A lease agreement is a legally binding document that is most commonly used when someone who owns residential property wants to allow someone else to live in it for a certain amount of time. The most common length of time for a lease agreement is 12 months. However, many lease agreements are for six months. Lease agreements can also be month-to-month.

Lease agreements are legally binding documents that explain the duties of both the landlord or property management company and the person or persons entering into the agreement. If the lease agreement is violated, both parties have the option of seeking legal relief from housing court or small claims court.


Each state has laws that govern landlord-tenant relationships, including lease agreements. As such, any lease agreement should abide by those laws. There are some common provisions that are found in most written lease agreements. Those provisions include:

  • Identification of the parties. This includes the name of the landlord or property management company and the name of the tenant or tenants. Identification of the parties will also include the names and ages of anyone who will live on the property (including minors), although this part of the identification process usually occurs later in the lease agreement.
  • Defines the term of the lease, whether it is renewable, monthly payment, when the payment is due, and accepted payment methods. When it comes to whether a lease is renewable, sometimes that will involve signing a new lease for a new lease period or the lease may state that it converts to a month-to-month for both parties.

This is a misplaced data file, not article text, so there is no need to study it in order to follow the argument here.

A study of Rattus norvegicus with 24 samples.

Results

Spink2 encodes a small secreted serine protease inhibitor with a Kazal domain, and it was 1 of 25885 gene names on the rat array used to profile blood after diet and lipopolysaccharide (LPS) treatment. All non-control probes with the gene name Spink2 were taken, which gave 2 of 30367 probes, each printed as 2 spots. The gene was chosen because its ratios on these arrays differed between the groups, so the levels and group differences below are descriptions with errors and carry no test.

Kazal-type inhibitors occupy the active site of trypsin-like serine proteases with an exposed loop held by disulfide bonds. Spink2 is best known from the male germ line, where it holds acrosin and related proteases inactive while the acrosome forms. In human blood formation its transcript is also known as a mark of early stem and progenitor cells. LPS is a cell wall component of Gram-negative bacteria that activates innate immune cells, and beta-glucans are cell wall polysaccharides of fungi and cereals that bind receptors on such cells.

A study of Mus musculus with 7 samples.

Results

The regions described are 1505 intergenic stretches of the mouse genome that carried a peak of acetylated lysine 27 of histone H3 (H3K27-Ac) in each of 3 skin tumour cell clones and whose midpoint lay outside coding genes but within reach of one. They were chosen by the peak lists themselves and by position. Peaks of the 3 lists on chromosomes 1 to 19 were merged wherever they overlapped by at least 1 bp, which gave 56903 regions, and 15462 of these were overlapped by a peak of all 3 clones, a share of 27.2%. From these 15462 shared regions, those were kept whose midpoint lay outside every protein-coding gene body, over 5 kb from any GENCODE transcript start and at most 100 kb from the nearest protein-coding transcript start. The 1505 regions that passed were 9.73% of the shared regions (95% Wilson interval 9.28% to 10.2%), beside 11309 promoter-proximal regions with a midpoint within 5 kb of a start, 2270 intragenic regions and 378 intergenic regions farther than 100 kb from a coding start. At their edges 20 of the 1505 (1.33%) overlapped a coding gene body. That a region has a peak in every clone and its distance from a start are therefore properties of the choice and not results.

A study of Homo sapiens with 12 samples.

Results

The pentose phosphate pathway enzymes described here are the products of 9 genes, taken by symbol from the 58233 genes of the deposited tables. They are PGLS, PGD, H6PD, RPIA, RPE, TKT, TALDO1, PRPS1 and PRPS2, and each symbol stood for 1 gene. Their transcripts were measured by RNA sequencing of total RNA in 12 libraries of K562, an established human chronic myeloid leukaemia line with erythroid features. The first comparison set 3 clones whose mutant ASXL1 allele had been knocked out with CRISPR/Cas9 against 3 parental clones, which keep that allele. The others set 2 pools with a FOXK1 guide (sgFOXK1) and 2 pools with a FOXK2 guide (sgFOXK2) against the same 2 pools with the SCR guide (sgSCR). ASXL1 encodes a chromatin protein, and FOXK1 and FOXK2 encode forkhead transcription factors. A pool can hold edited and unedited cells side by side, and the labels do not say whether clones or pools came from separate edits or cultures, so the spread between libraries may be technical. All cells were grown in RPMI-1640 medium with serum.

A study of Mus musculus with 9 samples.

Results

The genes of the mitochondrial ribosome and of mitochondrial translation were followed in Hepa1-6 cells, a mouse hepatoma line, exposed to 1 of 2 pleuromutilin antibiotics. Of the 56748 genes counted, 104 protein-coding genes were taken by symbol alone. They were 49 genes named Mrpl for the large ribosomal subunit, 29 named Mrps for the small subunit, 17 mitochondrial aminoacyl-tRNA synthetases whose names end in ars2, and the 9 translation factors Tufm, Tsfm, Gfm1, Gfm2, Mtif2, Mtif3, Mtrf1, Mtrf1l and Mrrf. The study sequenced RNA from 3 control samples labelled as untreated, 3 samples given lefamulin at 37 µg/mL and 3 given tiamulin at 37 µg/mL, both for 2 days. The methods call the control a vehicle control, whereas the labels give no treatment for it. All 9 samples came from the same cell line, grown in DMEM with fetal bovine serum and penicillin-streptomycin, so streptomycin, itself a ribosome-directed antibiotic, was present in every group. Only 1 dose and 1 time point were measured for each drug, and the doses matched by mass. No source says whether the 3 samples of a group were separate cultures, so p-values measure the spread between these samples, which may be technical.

• Deposits. The lease agreement will include the amount of the deposit as well as the different types of deposits. Common deposits include a security deposit and a pet deposit. The lease should also explain the process for the tenant to get the deposit back at the end of the lease.
  • Pet policy. Whether pets are allowed or if there are any restrictions on pets should also be explained in this the lease agreement. Common restrictions include breed restriction, size restriction, and outside pets only. Some may specify that no fish tanks over a certain size are allowed on the premises.
  • Requesting repairs or maintenance. This is a provision that explains what the tenant should do if they need to request repairs or maintenance on the property. This section may also mention the amount of notice that a tenant should make, how the notice should be made, and if there are any specific items that the tenants are responsible to take care of.
  • Property inspection. Landlords or property management companies may have a specific timeframe that they like to follow in order to inspect property that they own. This provision will explain how often they plan to inspect the property for damage and how they will notify the tenant that it is time for the inspection.
  • Whether the tenant may sublet the property.
  • How long a guest may stay without being added to the lease.

The lease agreement should be signed and dated by both the landlord and the tenants. Both parties should have a copy of the lease agreement for their records.